Polk to give $100k more to schools

Published 9:35 am Thursday, June 9, 2011

State shortfall threatens preschool funds
Polk County commissioners agreed this week to find another $100,000 to help fund next year’s More-at-Four Preschool program.
Polk County Schools Superintendent Bill Miller asked commissioners for the additional money during the county’s meeting Monday, June 6 at the Saluda School. The county previously agreed to give the school system an additional $300,000 in next year’s budget as a result of other state budget cuts.
Miller also told commissioners that the school system is looking at an additional loss of $550,000 for the 2012-13 budget because of state cuts and warned that even more funding will be needed from the county in future years. It is expected that the county may have to fund an additional $200,000 to $300,000 in fiscal year 2012-13 because $550,000 of one-time stimulus money has been budgeted for 2011-12 to cover the state budget cuts. The stimulus money will not be available in future years.
Miller said Polk County’s More-at-Four Preschool program serves approximately 150 preschool students and has been in place for 10 years. Of the county’s students, 80 percent participate in the preschool program. Classrooms are located at each school with certified teachers and teacher assistants, offering students an additional year of school, Miller said.
The North Carolina legislature is currently considering a massive restructuring and reduction of the More-at-Four program, which offers funding for working families. Miller said the program funding is in jeopardy and the school system would like to tell parents whether they can enroll their children in preschool next year.
“We have parents all over the county wondering about their 4-year-old (next year),” Miller said. “We are kind of stuck in limbo. It’s become a difficult situation for our parents and for us.”
The school system plans to use Title 1 funding to help cover a possible $250,000 cut in funding and is asking the county for another $100,000.
The preschool budget has also been reduced by one classroom next year. A teacher is retiring and Miller said the teacher will not be replaced, meaning next year there will be eight preschool classrooms compared to nine classrooms this year. Next year there will be three classrooms at Forbes Preschool/ Tryon Elementary, three at Polk Central and one each at Saluda and Sunny View.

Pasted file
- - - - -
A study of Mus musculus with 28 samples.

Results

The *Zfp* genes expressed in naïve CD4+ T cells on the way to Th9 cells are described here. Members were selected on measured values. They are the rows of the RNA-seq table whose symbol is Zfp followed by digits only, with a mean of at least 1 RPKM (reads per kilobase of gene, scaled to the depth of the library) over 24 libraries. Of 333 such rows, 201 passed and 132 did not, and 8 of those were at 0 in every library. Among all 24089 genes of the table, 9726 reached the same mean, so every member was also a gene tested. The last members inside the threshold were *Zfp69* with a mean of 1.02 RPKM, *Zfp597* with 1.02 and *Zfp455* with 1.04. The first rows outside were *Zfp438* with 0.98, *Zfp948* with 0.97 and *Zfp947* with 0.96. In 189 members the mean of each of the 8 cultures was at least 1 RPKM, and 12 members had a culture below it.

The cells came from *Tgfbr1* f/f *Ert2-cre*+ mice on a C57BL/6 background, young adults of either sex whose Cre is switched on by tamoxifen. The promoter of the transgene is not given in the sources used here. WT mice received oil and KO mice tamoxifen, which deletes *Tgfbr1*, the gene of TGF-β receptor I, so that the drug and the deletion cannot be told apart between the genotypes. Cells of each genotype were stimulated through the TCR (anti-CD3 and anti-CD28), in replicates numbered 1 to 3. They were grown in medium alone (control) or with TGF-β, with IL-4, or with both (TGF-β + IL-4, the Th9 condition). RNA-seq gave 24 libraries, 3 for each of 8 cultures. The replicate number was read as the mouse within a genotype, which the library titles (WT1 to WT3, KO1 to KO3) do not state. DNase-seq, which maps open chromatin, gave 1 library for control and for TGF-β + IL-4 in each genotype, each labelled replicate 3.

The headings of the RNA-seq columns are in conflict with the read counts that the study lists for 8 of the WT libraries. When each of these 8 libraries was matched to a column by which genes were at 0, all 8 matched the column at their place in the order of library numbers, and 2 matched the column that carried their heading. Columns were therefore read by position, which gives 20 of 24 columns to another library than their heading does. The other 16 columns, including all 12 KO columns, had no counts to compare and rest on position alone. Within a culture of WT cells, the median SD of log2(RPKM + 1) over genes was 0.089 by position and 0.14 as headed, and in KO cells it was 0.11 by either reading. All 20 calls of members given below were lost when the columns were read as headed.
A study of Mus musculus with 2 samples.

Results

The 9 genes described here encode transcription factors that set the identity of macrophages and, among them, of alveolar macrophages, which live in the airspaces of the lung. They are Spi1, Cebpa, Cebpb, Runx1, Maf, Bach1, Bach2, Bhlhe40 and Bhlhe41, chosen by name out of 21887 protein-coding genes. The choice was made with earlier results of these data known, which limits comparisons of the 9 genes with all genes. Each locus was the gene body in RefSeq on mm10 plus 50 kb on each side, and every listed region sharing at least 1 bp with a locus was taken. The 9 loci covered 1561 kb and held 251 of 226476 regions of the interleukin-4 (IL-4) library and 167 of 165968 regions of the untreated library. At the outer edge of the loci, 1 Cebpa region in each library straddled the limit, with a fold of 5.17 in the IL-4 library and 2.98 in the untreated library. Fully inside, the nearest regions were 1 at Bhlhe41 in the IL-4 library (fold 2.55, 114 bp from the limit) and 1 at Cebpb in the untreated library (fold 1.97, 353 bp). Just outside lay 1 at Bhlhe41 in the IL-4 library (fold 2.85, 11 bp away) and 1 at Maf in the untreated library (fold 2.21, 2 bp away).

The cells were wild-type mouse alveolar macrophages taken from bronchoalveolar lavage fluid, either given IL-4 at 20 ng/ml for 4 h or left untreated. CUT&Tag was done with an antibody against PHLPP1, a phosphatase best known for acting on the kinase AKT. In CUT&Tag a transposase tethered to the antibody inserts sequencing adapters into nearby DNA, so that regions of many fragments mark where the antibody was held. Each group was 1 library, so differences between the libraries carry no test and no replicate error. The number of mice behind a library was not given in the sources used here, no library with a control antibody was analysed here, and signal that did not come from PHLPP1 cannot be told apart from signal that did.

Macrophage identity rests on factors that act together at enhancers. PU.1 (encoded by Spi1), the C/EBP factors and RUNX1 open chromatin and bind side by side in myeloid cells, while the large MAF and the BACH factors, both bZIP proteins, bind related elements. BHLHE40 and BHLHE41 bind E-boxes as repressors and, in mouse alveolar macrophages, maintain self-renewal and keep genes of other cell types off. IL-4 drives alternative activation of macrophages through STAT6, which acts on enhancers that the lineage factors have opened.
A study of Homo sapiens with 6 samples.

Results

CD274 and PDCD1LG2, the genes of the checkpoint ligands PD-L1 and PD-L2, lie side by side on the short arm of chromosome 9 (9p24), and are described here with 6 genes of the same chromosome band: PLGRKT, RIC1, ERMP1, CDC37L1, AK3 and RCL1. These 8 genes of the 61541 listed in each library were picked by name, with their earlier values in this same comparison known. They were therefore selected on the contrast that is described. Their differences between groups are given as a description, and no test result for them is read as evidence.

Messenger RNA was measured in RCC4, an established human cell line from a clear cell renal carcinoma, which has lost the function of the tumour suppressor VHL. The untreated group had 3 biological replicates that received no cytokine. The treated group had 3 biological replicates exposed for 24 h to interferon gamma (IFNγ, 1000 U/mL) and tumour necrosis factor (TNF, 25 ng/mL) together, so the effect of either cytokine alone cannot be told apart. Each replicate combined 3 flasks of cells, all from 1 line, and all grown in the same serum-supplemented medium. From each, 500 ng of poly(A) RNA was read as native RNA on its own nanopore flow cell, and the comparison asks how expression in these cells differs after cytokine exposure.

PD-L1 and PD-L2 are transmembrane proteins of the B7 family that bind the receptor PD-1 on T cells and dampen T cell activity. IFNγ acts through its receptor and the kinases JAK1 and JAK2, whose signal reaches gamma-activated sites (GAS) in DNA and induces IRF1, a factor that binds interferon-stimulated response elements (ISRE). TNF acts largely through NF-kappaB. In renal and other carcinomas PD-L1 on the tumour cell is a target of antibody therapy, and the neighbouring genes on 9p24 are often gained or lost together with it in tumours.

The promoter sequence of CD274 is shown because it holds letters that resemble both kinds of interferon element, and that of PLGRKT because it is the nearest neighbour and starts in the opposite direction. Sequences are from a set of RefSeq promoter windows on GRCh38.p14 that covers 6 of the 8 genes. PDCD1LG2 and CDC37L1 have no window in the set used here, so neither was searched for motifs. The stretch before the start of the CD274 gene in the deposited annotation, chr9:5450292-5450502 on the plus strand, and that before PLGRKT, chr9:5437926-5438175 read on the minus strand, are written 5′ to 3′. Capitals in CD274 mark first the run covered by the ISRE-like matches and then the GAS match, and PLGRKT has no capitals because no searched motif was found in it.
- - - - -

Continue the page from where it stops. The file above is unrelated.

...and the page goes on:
The Head Start program contributes more than $600,000 to the county’s preschool program to fund low-income students’ tuition. Miller said normally Head Start funding also allows qualifying 3-year-olds to attend preschool for two years, but next year Polk County will first focus on 4-year-olds.
The program is also funded partially by parents, who pay $65 per week for tuition. The total Polk County School preschool program costs $1.2 million, but Miller said with cuts next year, the program will be $1 million.
“The Polk County Board of Education considers the pre-school program an essential component of our student achievement,” said Miller. “This extra year of learning helps the school system work toward its goal of [having] all students on grade level by the end of the third grade.”
Miller said he and the school board credit Polk County’s high state ranking in test scores to having a preschool program. Out of 115 school systems in North Carolina, Polk County ranks in the top five in third through eighth grades in reading and math testing. Polk County ranks first in the state in fourth grade math scores and second in the state in fourth-grade reading, fifth-grade math, sixth-grade reading and eighth-grade reading.
Commissioners came to a consensus they will provide the $100,000, but they have not yet agreed on where the funding will come from. Polk County Manager Ryan Whitson recommended the funding come from several different budget line items for next year. Whitson said he could take $10,000 from the Lake Adger Dam repairs, $30,000 from contingency, $50 from fuel contingency and $10,000 from either the economic development grant budget or another $10,000 from fuel contingency.
Commissioners Ted Owens and Tom Pack expressed concern about taking funding from the economic development department. Pack said he’d prefer to take the $100,000 out of the fund balance.
Commissioners Ray Gasperson, Renée McDermott and Cindy Walker said they’d prefer to go with Whitson’s recommendation.
The county will hold a budget public hearing on Monday, June 13 at 7 p.m. in the Womack building in Columbus. Commissioners will have the opportunity to make changes to the budget prior to adopting the final budget on June 20. The new fiscal year will begin on July 1.